YEREVAN (RFE/RL)–A Yerevan court resumed proceedings on Monday into the Armenian government’s lawsuit against the Greek owner of the ArmenTel telecommunication monopoly and its former US shareholder–rebuffing the Americans’ claim that Armenian courts are not eligible to consider the case. An American lawyer representing the US Trans-World Telecom warned that the court’s stance calls into question key terms of ArmenTel’s takeover by Greece’s state-controlled firm OTE.
The government last month sued TWT and OTE for some $17 million in what it claims is unpaid corporate tax.
In March 1998–OTE paid $142,5 million to buy a 90 percent stake in ArmenTel–which was then a joint venture between the government and TWT ( it had earlier acquired 49 percent of the Armenian phone company for a few million dollars.) The sale of the TWT stake and shares held by the government to OTE marked the biggest yet sell-off of an Armenian company.
TWT counsel Van Krikorian argued that under the terms of the 1998 agreement only an international arbitration court in London can consider disputes related to the deal and that only OTE is now responsible for paying ArmenTel’s taxes. Krikorian pointed to a provision in the agreement whereby: "The Parties irrevocably agree as follows: they submit to the exclusive jurisdiction of the Arbitration Court of the International Chamber of Commerce in London for the resolution of any claim dispute or difference." Another provision reads that "Buyer (OTE) shall pay any Tax–stamp duties–registration duties and/or any further transfer taxes or other costs–related to the transfer of the Stake in this Agreement."
"OTE alone is responsible for any tax liabilities arising from the ArmenTel transaction," the TWT lawyer said. He added that the district court in central Yerevan "would first have to declare the agreement on the sale of ArmenTel shares to be invalid" and only then take up the matter. However–the judge presiding over the proceedings turned down Krikorian’s petition–backing a government representative’s claim that "tax relationships" in Armenia are regulated by Armenian law. He said tax collection is a matter of Armenia’s "state sovereignty" and is not subject to international arbitration.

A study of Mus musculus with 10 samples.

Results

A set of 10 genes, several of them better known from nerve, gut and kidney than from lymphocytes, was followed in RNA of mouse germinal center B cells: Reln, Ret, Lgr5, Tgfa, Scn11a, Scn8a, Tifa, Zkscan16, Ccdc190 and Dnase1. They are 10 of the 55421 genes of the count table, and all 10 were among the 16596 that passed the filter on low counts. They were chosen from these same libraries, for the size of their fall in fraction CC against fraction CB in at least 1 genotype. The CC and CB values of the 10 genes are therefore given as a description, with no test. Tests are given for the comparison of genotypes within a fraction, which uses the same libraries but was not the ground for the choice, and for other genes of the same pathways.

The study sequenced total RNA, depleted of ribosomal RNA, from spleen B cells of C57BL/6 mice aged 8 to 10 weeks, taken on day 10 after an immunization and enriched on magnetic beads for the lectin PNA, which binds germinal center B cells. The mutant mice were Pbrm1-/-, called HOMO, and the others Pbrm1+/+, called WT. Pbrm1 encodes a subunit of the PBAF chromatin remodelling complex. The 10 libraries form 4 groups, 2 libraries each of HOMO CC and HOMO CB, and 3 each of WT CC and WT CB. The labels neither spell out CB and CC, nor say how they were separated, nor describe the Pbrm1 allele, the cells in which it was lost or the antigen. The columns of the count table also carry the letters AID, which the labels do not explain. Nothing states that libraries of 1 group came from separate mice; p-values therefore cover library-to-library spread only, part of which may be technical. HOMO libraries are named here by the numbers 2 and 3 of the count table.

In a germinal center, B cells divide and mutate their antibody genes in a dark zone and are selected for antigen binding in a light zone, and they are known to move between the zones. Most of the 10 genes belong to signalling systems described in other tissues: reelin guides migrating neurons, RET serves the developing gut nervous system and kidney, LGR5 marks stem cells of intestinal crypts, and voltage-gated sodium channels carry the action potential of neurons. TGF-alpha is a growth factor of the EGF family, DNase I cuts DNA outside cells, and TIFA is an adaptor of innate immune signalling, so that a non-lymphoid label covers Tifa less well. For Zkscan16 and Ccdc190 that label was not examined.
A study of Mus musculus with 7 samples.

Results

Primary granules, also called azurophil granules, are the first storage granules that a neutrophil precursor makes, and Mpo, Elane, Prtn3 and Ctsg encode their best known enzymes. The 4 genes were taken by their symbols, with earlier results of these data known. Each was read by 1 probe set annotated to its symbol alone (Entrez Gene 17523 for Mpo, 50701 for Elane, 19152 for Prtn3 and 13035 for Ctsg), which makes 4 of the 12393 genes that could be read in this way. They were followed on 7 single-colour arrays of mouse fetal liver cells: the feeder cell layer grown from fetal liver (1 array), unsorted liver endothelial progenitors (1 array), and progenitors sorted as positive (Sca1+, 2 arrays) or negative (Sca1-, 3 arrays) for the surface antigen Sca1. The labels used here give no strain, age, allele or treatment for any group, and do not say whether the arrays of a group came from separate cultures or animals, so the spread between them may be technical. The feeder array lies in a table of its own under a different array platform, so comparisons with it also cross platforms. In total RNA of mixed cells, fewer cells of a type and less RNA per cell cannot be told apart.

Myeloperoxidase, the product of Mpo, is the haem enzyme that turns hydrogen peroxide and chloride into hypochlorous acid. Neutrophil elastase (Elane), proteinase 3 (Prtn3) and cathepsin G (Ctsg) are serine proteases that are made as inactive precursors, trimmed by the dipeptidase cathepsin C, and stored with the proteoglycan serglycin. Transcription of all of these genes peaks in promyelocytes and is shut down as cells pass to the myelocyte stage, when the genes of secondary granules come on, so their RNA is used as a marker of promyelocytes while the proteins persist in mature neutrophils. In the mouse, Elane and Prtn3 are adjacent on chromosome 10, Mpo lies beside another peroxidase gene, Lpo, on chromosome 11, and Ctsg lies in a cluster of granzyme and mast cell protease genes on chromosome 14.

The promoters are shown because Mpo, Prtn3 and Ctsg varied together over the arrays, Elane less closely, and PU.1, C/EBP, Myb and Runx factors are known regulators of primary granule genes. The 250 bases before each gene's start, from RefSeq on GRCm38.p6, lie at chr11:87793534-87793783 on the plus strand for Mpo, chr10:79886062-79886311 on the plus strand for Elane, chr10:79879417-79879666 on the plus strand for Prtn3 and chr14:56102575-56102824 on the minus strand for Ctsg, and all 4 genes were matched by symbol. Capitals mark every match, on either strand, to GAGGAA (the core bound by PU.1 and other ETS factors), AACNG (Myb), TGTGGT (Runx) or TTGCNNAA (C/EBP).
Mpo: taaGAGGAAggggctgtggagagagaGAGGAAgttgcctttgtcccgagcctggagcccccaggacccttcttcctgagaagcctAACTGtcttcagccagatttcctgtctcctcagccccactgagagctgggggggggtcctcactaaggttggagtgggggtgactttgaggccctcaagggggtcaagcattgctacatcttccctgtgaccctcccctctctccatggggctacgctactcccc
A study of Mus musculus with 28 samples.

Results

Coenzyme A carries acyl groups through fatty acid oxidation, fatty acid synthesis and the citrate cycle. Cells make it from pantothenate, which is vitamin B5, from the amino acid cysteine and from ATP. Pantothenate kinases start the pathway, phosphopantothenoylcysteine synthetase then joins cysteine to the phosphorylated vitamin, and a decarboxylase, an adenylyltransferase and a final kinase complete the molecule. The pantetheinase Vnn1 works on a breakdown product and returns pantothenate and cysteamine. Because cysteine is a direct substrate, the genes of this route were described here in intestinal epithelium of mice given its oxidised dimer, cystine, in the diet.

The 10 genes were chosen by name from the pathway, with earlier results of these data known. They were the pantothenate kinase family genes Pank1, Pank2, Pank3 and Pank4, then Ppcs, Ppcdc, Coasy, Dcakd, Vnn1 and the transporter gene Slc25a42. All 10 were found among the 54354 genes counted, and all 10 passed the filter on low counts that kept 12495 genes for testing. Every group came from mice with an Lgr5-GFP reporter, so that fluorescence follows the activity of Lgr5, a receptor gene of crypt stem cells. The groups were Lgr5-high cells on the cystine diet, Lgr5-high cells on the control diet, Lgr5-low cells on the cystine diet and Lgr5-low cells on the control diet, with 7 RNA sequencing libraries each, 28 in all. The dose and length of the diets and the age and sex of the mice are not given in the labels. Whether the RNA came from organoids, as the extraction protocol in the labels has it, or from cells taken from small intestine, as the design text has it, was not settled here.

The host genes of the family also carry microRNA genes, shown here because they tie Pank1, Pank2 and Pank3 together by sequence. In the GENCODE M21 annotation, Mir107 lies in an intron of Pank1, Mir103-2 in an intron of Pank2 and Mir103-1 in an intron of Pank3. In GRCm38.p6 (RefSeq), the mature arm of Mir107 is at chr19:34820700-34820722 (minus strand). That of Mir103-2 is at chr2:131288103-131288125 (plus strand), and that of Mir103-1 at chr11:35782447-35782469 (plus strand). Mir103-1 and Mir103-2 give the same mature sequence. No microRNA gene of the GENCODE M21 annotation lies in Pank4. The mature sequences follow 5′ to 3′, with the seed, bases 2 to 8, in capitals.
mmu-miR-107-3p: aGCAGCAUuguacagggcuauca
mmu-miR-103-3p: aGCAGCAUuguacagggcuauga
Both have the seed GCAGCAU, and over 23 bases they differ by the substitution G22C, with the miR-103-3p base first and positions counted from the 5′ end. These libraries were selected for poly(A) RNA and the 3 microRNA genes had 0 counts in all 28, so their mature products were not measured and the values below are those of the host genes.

It emerged on Monday that the money claimed by Yerevan is the income tax which the authorities say TWT was supposed to pay from the sale of its ArmenTel shares. Government officials and lawyers said OTE froze its paymen’s to the American company last year under pressure from Yerevan. TWT then filed lawsuit to the international court in London–which has since been examining it since last February.
OTE lawyers present at the court session said the Armenian government was due to submit a written testimony to London by the end of the month. The judge rejected their petition to suspend the proceedings until the ongoing international litigation is over. Still–he ruled to postpone them for two weeks to give the Americans time for deciding on their further action and a list of witnesses they would like to bring to the court. TWT’s Krikorian said he would like to invite those present and former Armenian officials who signed the ArmenTel deal.
Among the officials that presided over its signing in 1998 were then prime minister and currently President Robert Kocharian–Economics Minister Armen Darbinian and former communications minister Grigor Poghpatian. ArmenTel was set up in the early 1990s to handle international phone calls and was later given full control over Armenia’s entire telecom network. Opposition politicians and some former ArmenTel executives have alleged that TWT had lavishly bribed former government officials to ensure its lucrative business. President Kocharian ordered an official inquiry into the allegations earlier this year. No findings have been made public yet. An offshore company controlled by American entrepreneur Barry Hon–TWT is seen as a big beneficiary of ArmenTel’s takeover by the Greeks.